World through my eyes
Pant museum at Kausani in Uttarakhand isn’t a touristy place as such. In my three visits to this place in the course of last few years, I have rarely seen any other tourist there. Despite, this place being in the heart of the Kausani town with just a few steps to walk upto the museum from the road head. I wonder, if even more than five percent of the tourists coming to Kausani would remember the name of Sumitranandan Pant, although surely most of us in Hindi heartland of India have read his poems in school text books.
Actually, we don’t respect our literary persons. They are the ones who guide our intellectual discourse, many of them have been leading lights for various movements but we tend to forget them as soon as we leave our text books behind. That is the reason that dedicated museums for a writer or a poet is rarity in India, specially in the north. Therefore, though not big, though not very grand or very professionally managed, still Pant museum impressed me a lot. It’s also important that he is recognised at the place, which made him what he was. Actually, it is still easy and possible at small towns or villages to remember and respect their heroes. Big cities tend to forget them pretty quickly. Even when such museums come up, it is a challenge to maintain them and bring people to them. We have seen how even birth places of legends like Munshi Premchand have struggled to keep themselves intact.
Sumitranandan Pant Museum gives us an idea of lives and times of the famous poet. This was the house where he was born and spent his childhood. The museum houses collection of his personal belongings, rare photographs, letters, awards, cloths, citations and much more. We can also have an idea of level of interactions that the literary figures of those times use to have with each other. Many of his famous couplets have been displayed there. There is also a section which has a big collection of books, written by Pant as well as his own collection of books of his contemporary writers. There is also his study table, his bed and other things.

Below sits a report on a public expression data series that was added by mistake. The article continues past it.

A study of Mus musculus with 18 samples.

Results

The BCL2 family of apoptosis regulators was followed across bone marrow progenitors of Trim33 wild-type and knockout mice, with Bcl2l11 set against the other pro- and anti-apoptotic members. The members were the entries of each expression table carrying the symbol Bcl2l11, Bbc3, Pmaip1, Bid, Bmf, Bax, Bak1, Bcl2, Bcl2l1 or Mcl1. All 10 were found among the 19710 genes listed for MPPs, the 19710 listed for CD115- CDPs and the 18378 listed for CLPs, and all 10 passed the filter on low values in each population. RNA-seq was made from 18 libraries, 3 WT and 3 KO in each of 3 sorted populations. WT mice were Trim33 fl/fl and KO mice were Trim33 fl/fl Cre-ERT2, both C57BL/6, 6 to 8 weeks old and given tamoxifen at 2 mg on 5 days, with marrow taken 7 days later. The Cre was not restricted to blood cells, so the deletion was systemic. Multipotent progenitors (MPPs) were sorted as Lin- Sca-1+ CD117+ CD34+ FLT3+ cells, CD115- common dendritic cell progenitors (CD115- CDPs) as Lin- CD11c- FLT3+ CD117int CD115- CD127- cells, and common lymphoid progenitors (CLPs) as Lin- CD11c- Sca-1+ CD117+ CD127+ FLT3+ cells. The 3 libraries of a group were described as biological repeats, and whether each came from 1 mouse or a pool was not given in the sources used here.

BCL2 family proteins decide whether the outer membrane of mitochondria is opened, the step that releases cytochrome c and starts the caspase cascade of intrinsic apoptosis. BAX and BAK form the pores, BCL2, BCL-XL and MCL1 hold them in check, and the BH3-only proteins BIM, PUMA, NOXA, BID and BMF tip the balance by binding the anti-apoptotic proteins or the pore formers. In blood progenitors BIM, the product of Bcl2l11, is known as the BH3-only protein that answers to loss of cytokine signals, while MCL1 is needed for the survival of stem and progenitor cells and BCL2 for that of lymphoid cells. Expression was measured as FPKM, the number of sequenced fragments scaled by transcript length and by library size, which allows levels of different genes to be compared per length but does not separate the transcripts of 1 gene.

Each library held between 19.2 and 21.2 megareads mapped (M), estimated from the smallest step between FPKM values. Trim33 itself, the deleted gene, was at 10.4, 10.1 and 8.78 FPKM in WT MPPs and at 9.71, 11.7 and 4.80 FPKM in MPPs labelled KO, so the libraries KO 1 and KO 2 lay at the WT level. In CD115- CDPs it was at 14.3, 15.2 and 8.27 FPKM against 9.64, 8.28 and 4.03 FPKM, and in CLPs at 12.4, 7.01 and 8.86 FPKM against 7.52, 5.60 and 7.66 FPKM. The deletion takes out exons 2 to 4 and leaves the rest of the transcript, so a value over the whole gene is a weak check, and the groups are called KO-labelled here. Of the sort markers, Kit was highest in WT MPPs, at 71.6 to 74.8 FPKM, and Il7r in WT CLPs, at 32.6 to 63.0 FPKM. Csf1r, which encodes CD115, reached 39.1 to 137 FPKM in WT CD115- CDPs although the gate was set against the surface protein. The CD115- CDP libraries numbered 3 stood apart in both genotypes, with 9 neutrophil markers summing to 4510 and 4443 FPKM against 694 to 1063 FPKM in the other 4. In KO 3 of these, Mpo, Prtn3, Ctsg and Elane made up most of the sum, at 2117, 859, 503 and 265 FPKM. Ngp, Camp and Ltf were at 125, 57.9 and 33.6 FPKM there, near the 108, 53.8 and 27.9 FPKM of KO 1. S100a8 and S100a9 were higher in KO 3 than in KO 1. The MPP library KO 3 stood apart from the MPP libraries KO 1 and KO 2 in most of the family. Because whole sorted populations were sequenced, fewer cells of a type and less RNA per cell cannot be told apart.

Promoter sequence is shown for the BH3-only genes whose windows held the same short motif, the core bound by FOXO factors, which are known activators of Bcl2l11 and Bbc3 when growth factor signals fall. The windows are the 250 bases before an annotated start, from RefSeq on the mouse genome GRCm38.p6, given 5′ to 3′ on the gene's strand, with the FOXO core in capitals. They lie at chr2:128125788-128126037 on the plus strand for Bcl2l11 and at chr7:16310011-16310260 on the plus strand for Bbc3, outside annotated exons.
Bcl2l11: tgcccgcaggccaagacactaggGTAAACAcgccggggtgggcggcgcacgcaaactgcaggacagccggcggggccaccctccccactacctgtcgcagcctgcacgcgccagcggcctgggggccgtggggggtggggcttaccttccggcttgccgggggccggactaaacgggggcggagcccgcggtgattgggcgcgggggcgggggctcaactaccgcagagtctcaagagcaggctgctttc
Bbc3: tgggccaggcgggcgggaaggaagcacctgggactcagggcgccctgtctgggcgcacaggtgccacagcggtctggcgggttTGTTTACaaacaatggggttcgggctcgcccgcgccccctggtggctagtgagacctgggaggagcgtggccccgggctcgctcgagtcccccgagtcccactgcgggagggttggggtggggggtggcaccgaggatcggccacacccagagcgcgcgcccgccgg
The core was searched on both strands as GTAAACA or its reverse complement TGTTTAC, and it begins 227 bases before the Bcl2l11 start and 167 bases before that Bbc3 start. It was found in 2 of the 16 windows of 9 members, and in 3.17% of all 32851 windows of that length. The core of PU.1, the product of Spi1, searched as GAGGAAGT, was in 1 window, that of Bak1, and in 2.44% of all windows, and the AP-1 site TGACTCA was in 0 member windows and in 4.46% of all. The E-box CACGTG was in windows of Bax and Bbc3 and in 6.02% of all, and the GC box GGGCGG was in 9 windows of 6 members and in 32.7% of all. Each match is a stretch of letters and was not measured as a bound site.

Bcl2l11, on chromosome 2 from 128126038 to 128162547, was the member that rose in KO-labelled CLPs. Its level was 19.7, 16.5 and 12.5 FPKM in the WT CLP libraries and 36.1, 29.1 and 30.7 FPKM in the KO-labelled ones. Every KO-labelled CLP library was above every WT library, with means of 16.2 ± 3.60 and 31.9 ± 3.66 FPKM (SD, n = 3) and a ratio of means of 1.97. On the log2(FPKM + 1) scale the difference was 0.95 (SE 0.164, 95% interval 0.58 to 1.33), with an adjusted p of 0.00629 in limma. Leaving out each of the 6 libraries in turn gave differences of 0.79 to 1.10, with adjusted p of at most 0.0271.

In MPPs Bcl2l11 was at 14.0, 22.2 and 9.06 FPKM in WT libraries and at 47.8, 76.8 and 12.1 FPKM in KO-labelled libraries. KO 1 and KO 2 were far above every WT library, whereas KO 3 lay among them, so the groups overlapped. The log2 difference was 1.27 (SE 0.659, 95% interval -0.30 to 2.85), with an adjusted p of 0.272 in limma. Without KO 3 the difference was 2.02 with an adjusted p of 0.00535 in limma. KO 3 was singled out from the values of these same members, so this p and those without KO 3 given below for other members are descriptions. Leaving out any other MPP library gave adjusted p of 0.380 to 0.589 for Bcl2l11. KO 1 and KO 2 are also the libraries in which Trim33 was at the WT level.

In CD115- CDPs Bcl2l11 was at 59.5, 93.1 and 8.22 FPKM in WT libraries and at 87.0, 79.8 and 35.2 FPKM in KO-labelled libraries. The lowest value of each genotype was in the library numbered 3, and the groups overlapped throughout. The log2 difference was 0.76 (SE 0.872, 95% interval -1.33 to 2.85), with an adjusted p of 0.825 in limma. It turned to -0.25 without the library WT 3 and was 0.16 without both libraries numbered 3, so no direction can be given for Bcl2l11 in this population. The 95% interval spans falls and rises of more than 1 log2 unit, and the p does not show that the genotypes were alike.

As I said, this isn’t a planned museum, but his traditional house has been converted into a museum. Museum is controlled by the state government and there is a caretaker to take care of the museum as well as guide the people. The outer structure of the museum still reflects a traditional Kumaoni house. The fascinating part is the location of the house, which gives a panoramic view of the Chaukhamba, Trishul and Nanda Devi peaks, Kausani is famous for. The location of the house and natural beauty of its surroundings give an idea of how nature casts its spell over writings of Sumitranandan Pant.
A commemorative postage stamp released in memory of Sumitranandan Pant by the India Posts in 2015 has Pant’s picture as well as a panoramic view of snow clad Nanda Devi ranges of Himalayas, as seen from Kausani, in the background.
How to reach
Sumitranandan Pant museum is located right in the heart of Kausani town. You can go down few steps while coming from the road to Anasakti Ashram or climb a few steps up from road to Baijnath. Museum is open during the day from 10 in the morning to 5 in evening. Kausani is in Bageshwar district of Uttarakhand and is 52 kms from Almora and 40 kms from Bageshwar. Besides, its Himalayan views, Kausani is also famous for its tea gardens. Besides Pant, Kausani also houses Anasakti Ashram dedicated to Mahatma Gandhi and a museum for Sarla Behen, Gandhi’s disciple.
You can also see a small video of the museum with Pant’s voice in the background on my YouTube channel by clicking on the thumbnail below.
Have you ever been to any museum for a poet or writer anywhere in the world? How was the experience? Share with us in the comments section below.